McGhee v National Coal Board

McGhee v National Coal Board, [1972] 3 All E.R. 1008, 1 W.L.R. 1, is a leading tort case decided by the House of Lords. The Lords held that where a breach of duty has a material effect on the likelihood of injury then the subsequent injury will be said to have been caused by the breach.


James McGhee was employed to clean out brick kilns and developed dermatitis from the accumulation of coal dust on his skin. Because there were no shower facilities at his workplace, he would cycle home each day, increasing the risk he would contract dermatitis. Had his employer provided shower facilities, the coal dust could have been washed off before cycling, reducing the risk of contracting dermatitis. Due to the limits of scientific knowledge, it was impossible to rule out the possibility that he hadn't contracted dermatitis during the non-wrongful exposure to brick dust while working in the kiln.

He sued his employer for negligence for breaching its duty to provide proper washing facilities. The issue before the House of Lords was whether the failure to provide the washing facilities had caused the rash.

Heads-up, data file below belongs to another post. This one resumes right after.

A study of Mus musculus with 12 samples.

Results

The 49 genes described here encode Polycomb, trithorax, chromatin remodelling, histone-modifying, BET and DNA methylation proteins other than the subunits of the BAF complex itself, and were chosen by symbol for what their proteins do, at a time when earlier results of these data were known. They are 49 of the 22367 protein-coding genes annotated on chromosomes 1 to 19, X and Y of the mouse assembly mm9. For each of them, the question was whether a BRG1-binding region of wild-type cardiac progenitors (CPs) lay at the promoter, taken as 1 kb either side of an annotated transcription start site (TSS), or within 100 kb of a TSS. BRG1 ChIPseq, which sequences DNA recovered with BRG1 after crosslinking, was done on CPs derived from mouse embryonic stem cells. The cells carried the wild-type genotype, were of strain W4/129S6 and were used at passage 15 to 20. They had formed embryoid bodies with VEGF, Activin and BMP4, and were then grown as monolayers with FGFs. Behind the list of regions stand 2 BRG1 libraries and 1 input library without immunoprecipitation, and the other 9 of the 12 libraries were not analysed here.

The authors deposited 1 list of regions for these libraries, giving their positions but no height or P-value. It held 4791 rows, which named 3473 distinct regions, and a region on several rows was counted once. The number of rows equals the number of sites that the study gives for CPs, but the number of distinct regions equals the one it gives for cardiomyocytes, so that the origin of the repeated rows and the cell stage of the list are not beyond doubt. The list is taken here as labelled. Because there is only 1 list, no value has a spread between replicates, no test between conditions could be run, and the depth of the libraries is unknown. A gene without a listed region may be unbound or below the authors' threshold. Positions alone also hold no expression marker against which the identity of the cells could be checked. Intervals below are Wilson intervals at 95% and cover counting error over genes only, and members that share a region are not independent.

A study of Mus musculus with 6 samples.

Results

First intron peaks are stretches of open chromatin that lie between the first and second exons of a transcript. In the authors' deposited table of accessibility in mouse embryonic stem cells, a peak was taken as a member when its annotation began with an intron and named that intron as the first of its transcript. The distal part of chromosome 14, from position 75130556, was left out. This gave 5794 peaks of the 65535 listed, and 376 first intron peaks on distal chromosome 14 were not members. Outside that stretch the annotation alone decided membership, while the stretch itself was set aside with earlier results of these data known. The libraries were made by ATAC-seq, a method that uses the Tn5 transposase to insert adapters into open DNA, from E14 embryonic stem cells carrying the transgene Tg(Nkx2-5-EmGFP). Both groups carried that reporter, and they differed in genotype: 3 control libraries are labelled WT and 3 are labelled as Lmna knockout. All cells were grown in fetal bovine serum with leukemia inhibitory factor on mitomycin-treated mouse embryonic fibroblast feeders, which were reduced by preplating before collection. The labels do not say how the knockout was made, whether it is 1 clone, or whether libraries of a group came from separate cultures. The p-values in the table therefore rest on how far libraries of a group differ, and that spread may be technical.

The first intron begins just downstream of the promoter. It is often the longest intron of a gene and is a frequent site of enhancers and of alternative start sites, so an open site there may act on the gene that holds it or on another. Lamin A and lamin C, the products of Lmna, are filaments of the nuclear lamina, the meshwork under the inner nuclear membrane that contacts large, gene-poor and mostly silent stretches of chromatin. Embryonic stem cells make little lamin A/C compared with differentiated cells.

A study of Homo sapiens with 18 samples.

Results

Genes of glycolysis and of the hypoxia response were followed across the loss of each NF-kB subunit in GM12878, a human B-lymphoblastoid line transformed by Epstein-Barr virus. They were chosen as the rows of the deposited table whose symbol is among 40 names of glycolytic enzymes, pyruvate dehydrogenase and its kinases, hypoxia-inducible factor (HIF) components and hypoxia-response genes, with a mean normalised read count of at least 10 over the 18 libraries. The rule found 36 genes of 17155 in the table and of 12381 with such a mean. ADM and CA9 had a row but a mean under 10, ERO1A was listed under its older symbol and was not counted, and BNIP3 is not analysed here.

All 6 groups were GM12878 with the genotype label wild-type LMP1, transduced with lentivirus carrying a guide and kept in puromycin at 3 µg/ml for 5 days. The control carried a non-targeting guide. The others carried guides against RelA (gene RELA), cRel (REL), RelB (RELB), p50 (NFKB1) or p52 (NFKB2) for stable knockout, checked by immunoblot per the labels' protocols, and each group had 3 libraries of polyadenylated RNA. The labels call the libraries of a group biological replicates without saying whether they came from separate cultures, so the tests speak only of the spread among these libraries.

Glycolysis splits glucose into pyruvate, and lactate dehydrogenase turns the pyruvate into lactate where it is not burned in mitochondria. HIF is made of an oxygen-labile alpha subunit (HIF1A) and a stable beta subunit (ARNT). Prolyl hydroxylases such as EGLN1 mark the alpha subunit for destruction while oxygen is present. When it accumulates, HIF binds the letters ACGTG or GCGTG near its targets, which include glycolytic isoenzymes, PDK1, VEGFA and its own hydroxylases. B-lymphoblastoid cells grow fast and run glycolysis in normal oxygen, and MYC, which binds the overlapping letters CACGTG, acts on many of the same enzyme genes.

The House of Lords held that the risk of harm had been materially increased by the prolonged exposure to the dust. Lord Reid stated:

"The medical evidence is to the effect that the fact that the man had to cycle home caked with grime and sweat added materially to the risk"

The material increase in risk was treated as equivalent to a material contribution to damage. The implication of the case was significant as it meant that a claimant need not demonstrate that the defendant's actions were the "but for" cause of the injury, but instead that the defendant's actions materially increased the risk of injury, and thus damage, to the claimant.